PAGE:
Vintage quilts need to be handled with care. Although you usually would avoid exposing an old textile to direct sunlight, sunshine is the best way to kill mildew without damaging delicate fibers. Leaving your quilt outside long enough to kill the mildew won't damage the fabric, but ignoring the mildew will. Once you have removed the mildew, let the quilt dry completely before storing or displaying. Store the quilt in a dark, dry cabinet, or display away from moisture and direct sunlight to protect it from mildew and other damage.
Spread the quilt on a tabletop or large work surface. Look at the quilt surface and identify the areas that have mildew.
Fill the plastic cup with warm water. Dip the toothbrush in the cup and then into the baking soda. Use enough baking soda to coat the brush bristles completely.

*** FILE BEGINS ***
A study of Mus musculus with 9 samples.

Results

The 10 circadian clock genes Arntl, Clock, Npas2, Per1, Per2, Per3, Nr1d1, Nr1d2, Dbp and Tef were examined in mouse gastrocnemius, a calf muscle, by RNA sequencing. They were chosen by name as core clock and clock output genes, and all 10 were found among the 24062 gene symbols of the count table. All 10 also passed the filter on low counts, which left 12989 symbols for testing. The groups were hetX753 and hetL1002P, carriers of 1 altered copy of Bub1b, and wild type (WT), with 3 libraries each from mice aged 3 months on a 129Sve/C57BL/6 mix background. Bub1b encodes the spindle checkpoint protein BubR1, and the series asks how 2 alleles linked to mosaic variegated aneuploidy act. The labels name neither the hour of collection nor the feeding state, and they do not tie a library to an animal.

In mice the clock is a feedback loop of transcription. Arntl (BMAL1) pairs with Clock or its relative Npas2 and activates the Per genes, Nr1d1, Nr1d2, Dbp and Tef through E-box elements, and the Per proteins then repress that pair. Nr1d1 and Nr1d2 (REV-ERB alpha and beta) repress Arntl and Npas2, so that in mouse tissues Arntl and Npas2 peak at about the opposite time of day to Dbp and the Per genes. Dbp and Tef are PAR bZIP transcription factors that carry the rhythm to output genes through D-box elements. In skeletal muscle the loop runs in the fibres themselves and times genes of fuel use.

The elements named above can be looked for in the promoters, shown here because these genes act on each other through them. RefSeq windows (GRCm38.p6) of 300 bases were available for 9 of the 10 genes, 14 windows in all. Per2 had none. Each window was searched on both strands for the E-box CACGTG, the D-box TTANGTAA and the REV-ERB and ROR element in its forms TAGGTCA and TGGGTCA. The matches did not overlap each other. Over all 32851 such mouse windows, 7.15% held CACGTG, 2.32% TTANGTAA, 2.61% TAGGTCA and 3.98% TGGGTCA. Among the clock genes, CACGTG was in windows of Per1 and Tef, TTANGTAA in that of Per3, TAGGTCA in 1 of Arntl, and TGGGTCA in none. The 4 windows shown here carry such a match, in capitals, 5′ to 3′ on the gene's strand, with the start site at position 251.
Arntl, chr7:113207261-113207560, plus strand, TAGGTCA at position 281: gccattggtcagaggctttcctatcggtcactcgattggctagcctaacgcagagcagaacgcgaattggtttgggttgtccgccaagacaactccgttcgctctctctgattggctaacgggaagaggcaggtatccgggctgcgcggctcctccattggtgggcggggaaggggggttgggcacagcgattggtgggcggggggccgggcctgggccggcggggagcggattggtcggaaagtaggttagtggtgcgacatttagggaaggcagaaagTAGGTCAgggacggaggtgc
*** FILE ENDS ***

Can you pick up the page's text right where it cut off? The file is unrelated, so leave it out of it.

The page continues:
Gently brush each mildew spot with wet baking soda. The soda will combine with the water to form a paste that is of toothpaste consistency. Dip the toothbrush in the warm water and baking soda as needed for each spot.
Use the cap from the vinegar to pour a capful of vinegar on top of each of the treated spots. The vinegar and baking soda will bubble; this is a chemical reaction and is normal.
Blot the mildew spot with a clean towel to absorb the excess vinegar mixture.
Fill the sink with warm water and add 1 cup of lemon juice. Immerse the quilt in the sink. Soak for 10 minutes.
Drain the sink. Squeeze the water from the quilt by gently pressing the quilt against the side of the sink. Do not wring the quilt.
Hang the quilt to dry outside in direct sunlight. Remove promptly when dry. if your quilt is extremely fragile, don't hang it, just spread it out on top of a clean blanket on the lawn.